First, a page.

Chile's political gridlock may limit effect of growing protests
Despite a year of overwhelming demonstrations in Chile, including a general strike launched yesterday, analysts say change is unlikely due to the rigidity of the Chilean political system.
As Chile enters its second day of a general strike on top of ongoing, two-month-long student demonstrations, analysts said the country's growing protest movements are unlikely to win their immediate demands because of a deliberately gridlocked political system.Skip to next paragraph
In April, demonstrators marched against a planned hydroelectric dam in Patagonia. For two months, a student movement has demanded an end to profiteering in education, attracting hundreds of thousands of citizens to near-weekly marches. The country's biggest association of labor unions called today's strike to support student demands and to demand better working conditions.
"In Chile, political crises have usually been ended with coup d'etats," said Ricardo Israel, dean of legal and social science at the Autonomous University of Chile. With no likelihood of such a move, he said, "it's possible that after the environment of demonstrations subsides, Chile will go on the same as before."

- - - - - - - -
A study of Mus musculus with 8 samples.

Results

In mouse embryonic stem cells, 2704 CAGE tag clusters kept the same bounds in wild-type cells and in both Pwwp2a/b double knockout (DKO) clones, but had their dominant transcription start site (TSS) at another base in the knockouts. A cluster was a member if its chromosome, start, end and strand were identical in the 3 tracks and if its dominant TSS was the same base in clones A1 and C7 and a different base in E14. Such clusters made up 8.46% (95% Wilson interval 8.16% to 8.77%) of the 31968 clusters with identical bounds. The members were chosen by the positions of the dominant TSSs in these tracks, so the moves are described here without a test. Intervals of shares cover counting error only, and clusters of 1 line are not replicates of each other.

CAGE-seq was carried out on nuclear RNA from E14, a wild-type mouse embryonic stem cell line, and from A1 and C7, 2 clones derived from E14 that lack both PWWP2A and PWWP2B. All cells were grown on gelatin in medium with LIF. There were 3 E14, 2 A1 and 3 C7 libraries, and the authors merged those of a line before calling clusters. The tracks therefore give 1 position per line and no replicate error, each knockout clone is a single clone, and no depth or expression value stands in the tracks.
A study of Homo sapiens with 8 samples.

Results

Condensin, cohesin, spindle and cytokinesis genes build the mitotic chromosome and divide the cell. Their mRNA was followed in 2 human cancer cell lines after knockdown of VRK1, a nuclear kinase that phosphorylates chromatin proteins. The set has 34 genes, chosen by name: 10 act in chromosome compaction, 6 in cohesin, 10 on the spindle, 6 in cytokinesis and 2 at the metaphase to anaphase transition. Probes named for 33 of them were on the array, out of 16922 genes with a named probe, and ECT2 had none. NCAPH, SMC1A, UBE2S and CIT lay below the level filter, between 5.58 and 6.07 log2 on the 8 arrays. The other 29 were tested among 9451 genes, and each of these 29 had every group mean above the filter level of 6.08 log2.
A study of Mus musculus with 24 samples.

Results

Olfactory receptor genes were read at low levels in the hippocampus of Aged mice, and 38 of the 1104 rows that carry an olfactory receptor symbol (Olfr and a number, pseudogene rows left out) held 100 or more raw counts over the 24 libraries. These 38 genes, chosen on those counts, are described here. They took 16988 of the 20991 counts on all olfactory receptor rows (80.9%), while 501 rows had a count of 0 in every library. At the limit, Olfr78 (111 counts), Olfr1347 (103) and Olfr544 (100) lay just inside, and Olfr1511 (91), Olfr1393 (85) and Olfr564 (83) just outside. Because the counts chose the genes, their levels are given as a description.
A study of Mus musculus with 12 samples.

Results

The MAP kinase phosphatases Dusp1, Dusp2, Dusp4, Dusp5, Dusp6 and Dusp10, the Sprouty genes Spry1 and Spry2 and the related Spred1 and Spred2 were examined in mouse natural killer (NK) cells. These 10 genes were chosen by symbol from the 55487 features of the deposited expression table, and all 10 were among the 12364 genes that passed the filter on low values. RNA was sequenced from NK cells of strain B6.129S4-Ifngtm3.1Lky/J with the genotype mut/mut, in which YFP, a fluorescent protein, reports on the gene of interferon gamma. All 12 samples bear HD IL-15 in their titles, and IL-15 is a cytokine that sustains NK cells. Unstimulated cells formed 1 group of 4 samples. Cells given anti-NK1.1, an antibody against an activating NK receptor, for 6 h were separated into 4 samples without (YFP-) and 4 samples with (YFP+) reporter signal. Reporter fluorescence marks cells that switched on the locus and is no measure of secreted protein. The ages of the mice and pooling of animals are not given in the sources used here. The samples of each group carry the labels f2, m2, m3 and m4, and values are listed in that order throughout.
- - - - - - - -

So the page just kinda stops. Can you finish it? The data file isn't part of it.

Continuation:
Strike supporters and opponents differed on whether yesterday's strike was effective.
The government said only 5 percent of public-sector workers stayed home and the biggest manufacturing group, Sofofa, said 99 percent of plants were operating normally. But the Santiago Metro reported 30 percent fewer passengers than normal, reports The Clinic, a local newspaper. Many government offices in central Santiago were closed.
Some protesters burned barricades and blocked major streets, while other strike supporters danced and sang on sidewalks. The police responded to both aggressive and peaceful protests with water cannons and tear gas.
Positions are hardening as the government finds itself outmaneuvered while protesters remain powerless to affect change on their own, said Armen Kouyoumdjian, a country risk analyst based in Vina del Mar.
"You see the sort of things the right has been saying about the students, that they are just Bolshevik subversive troublemakers, and demonizing them and playing dirty tricks," he said, referring to the center-right government of President Sebastian Piñera and its supporters. "And the students and others have started smelling blood and haven't budged much from their original positions."